Based very loosely on Agatha Christie’s novel Ten Little Indians (also known as And Then There Were None), you play an unnamed character locked in a mansion with seven other guests. With a vague note telling of jewels hidden within the house walls, you soon find the other characters scattered around, all quite dead. A killer is on the loose, and you need to find the treasure, uncover the skeleton key to unlock the front door, and escape with your life.
One of the most important adventure games ever made, Mystery House was the first in the genre to add graphics, whereas all previous games were entirely text-based. The visuals are, of course, quite rudimentary, consisting of shakily drawn white lines against a black background. The characters look as if they were lifted from a first grader’s notebook, and even minor items like knives and shovels are crudely drawn. It’s all understandable given the game’s age; it had to fit in the limited RAM of the Apple II, and since there were no real drawing programs on the market, Ken and Roberta Williams had to assemble their own device, combining a graphics tablet with a mechanical arm.
While Mystery House was a true pioneer amongst text adventures, its puzzles, story, writing – pretty much everything, actually – are all quite amateur. There’s not really much in the way of prose so much as stark descriptions. (“You are in the kitchen.”) All of the characters have professions, but none have any personality, nor any real purpose beyond popping up dead. If you pay attention to their bodies you can piece together some clues that implicate the murderer – one was strangled by pantyhose so the killer is probably a girl, and another is holding a daisy, which… well, spells out the killer’s name right there. You can easily kill yourself through stupid means – such as lighting a candle, tripping, setting the house on fire, and not putting it out in time – plus you can get lost in the surrounding forest. And there’s a short time limit at the beginning, where you need to find a light source lest you find yourself wandering in the dark.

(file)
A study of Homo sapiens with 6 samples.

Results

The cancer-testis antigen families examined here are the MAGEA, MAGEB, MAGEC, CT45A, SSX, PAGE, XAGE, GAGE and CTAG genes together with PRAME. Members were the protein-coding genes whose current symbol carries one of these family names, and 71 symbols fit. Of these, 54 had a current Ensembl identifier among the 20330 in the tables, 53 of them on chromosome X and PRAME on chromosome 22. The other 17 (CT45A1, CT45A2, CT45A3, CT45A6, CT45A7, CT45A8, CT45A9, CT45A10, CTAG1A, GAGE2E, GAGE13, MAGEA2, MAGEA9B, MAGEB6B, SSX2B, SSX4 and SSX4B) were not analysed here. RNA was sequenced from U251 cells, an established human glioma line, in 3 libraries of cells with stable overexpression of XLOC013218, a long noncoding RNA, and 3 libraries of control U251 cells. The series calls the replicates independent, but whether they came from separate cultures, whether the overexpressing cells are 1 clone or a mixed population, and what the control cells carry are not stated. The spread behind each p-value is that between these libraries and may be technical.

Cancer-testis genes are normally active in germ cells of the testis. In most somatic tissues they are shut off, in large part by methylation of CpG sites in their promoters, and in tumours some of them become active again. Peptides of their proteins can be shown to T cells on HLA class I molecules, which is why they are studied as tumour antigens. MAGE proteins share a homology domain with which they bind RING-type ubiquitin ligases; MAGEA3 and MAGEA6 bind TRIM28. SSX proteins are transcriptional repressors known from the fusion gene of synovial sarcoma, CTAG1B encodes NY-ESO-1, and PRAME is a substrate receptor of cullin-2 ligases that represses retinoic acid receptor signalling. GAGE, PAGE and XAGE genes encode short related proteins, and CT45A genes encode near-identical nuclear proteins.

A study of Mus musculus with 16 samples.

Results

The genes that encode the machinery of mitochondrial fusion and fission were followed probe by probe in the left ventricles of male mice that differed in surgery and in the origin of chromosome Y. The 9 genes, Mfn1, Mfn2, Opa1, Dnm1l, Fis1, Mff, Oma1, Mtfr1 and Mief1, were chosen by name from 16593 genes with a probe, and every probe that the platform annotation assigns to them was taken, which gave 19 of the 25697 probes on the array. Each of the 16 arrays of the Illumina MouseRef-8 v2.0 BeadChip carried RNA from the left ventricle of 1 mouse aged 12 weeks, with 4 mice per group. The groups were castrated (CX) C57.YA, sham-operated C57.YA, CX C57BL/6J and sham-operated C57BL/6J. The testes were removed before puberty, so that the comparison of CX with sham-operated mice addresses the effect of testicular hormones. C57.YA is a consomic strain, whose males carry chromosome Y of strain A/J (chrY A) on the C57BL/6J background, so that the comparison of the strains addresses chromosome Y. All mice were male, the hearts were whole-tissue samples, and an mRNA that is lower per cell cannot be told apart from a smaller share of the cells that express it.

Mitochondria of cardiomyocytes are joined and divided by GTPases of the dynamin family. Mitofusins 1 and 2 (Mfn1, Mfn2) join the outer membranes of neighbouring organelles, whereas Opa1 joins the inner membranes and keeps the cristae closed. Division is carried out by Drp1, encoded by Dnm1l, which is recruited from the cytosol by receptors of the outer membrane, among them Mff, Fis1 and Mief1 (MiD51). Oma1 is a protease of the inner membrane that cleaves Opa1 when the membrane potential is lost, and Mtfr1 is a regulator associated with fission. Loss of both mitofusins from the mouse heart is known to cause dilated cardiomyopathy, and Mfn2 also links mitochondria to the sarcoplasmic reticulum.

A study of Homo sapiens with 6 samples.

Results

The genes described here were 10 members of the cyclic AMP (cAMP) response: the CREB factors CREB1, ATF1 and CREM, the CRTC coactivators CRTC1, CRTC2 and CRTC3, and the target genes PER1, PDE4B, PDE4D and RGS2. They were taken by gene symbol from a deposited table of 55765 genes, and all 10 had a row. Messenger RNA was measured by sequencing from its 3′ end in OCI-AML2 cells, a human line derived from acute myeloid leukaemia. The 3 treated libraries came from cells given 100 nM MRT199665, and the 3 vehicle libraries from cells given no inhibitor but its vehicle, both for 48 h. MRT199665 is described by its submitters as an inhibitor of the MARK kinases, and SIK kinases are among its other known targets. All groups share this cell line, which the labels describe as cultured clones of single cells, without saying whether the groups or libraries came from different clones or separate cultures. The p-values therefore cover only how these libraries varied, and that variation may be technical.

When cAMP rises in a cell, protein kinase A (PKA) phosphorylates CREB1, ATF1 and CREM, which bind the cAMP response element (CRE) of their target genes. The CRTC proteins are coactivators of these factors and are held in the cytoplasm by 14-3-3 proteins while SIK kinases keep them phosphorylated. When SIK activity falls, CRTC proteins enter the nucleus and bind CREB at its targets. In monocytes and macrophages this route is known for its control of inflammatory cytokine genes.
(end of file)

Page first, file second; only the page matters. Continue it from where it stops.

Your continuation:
And this is to say nothing of the extremely simple text parser, which only understands two word sentences. Right at the beginning, once you open the door to the house, you can’t just type “enter” or “go in” or even type the direction. The game only understands “go door”. It gets more confusing because the visuals don’t necessarily match up to the directions. For example, in one room, the door is on the right side of the screen, so it’s natural to assume that it’s to the east, but it’s actually to the south.
At least the house has several interesting secrets. The manor itself is relatively small, but there are a number of secret passageways, hidden compartments, and underground tunnels that fulfill its promise of being a “mystery house”. Still, one of the major puzzles really makes no sense – you need to figure out how to get into the trapdoor in the attic, which only magically becomes visible (and therefore accessible) after you’ve looked at it through a telescope, which is perched atop a tree in the middle of the forest.
Most of these quirks are outlined in the instruction pages before you begin, so at least it sets down its grammar rules and inconsistencies from the beginning. But it’s still a pain to play, and there’s little of interest to be found here beyond its historical value. In 1987, Sierra released the game into the public domain. It can be found on the Roberta Williams Anthology, along with the rest of Sierra’s High-Res Adventures, although they need to be run through an Apple II emulator. The game was also ported to the iOS by a company completely unrelated to Sierra.
In 1983, a Japanese company called Starcraft ported Mystery House to Japanese computers such as the PC-6001. (There’s another graphic text adventure developed by Microcabin using the same name, although it’s entirely unrelated to Sierra’s game. This means there were two games on the market with the same title – one a shoddy ripoff, the other quite authentic.) While Starcraft’s port is very similar to the original Apple II version, all of the graphics have been redrawn and improved. It still uses the simplistic black and white line drawings, but all of the characters now have vaguely realistic proportions, despite not having any faces, and the visuals look far less rough. Part of this may have had to do with better technology, but the Japanese PCs also ran at a higher resolution than the Apple II, allowing for more screen real estate.
The redone visuals look really nice in comparison. The fact that everyone has blank faces looks really creepy, and the dead bodies are much more dramatically posed, with blood pouring out of them (or, rather, something that looks like blood – it’s still black and white) rather than the Looney Tunes-style lumps in the original one. Minor details have been added to the environment, like the windows in the upstairs floor being boarded up, further establishing the fact that you can’t escape. It’s obviously difficult to play if you don’t know Japanese, but it’s cool to compare the graphics.